Supreme Court Investigates Appeals Ruling on Volz Case

January 4, 2008

The Supreme Court announced it has  opened an investigation of the two appellatejudges who overturned the murder sentence of U.S. citizen Eric Volz, who was freed from state custody Dec. 21 and left the country on a private flight heading to an undisclosed location.

Granada appellate judges Roberto Rodríguez and Alejandro Estrada were on a three-judge panel that last month overturned Volz’s 30-year prison sentence for the murder of his Nicaraguan ex-girlfriend, Doris Ivania Jimenez, who was found hogtied, raped and strangled in the back of her clothing boutique in San Juan del Sur on Nov. 21, 2006.

The decision to overturn Volz’s conviction, while at the same time upholding the conviction of Nicaraguan Julio Martin Chamorro, who was found guilty along with Volz last February, has outraged much of Nicaragua, and drawn the ire of President Daniel Ortega, the Supreme Court and even the Archbishop of Managua, among others (NT, Dec. 21).

Upon Volz’s release Dec. 21, his family released a statement saying he will now be kept in hiding “due to reports of threats against him.”

Family spokeswoman Melissa Campbell added, “We have reason to believe that he is being followed and are taking every precaution to assure his safety.”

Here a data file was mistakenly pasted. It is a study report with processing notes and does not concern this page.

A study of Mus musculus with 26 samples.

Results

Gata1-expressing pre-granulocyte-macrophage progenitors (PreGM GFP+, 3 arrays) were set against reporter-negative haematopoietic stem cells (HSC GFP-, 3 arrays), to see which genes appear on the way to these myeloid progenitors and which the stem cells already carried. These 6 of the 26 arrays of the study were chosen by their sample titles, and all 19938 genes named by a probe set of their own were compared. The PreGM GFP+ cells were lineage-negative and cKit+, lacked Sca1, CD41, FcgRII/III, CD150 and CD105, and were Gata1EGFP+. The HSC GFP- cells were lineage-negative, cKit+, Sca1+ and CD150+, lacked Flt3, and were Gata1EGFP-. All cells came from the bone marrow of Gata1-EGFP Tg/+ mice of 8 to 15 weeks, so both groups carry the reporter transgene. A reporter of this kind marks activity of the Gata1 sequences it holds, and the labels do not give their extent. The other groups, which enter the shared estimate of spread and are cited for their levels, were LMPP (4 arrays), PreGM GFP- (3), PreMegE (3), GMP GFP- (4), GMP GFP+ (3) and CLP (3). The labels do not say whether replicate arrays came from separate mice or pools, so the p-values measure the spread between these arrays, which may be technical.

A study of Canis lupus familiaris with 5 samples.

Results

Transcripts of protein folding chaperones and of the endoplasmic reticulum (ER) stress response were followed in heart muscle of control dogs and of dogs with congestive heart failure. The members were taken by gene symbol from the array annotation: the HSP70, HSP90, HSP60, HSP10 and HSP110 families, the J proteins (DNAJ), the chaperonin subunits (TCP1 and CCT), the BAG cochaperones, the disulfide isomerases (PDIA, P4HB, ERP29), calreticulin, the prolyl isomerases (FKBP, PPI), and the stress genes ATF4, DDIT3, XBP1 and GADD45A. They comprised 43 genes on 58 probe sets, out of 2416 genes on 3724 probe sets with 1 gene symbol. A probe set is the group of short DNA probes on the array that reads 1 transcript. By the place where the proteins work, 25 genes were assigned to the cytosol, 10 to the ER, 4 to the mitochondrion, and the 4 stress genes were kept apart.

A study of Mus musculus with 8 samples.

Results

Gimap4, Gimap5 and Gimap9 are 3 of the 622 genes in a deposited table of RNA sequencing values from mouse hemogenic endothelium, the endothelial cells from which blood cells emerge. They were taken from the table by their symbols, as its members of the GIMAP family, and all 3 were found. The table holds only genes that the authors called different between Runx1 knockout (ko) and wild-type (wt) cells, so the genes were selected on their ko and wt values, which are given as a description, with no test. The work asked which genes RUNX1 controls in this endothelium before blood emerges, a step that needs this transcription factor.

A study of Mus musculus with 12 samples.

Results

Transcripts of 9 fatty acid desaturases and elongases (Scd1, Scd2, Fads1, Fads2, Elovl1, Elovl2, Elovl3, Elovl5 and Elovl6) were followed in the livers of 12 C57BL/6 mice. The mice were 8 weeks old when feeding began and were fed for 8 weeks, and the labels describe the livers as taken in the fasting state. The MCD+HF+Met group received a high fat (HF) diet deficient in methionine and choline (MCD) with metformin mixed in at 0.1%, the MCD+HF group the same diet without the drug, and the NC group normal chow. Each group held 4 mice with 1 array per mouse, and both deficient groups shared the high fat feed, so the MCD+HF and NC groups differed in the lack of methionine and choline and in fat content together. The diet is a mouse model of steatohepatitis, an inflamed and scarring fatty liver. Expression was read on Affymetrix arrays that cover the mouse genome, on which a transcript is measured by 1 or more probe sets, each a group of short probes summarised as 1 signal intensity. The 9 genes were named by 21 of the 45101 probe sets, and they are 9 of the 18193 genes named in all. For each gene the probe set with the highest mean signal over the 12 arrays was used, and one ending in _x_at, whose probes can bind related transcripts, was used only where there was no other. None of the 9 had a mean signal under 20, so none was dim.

Leonel Teller, spokesman of the Liberation Constitutional Party (PLC), alleged that Volz’s release – just hours before the government went on vacation for the Christmas holidays – was part of a political negotiation.

The Volz family spokeswoman did not respond by press time to The Nica Times’ requests for comment on that allegation.

Mercedes Alvarado, mother of the murder victim, has also alleged that political wranglings were at play, and has accused the Ortega government of employing antiimperialist rhetoric in public but buckling to U.S. pressures in the end.

Alvarado says that the two judges who freed Volz should now be put in jail to serve out his 30 year sentence. Judge Rodríguez, the only of the two to speak out on the issue, insists he did the right thing by freeing Volz (see letters page 7).

Volz, a former real estate agent and publisher of a Nicaraguan fashion magazine, is now presumably back in the United States, although he has not made any public appearances and his family has not released any statements since his release.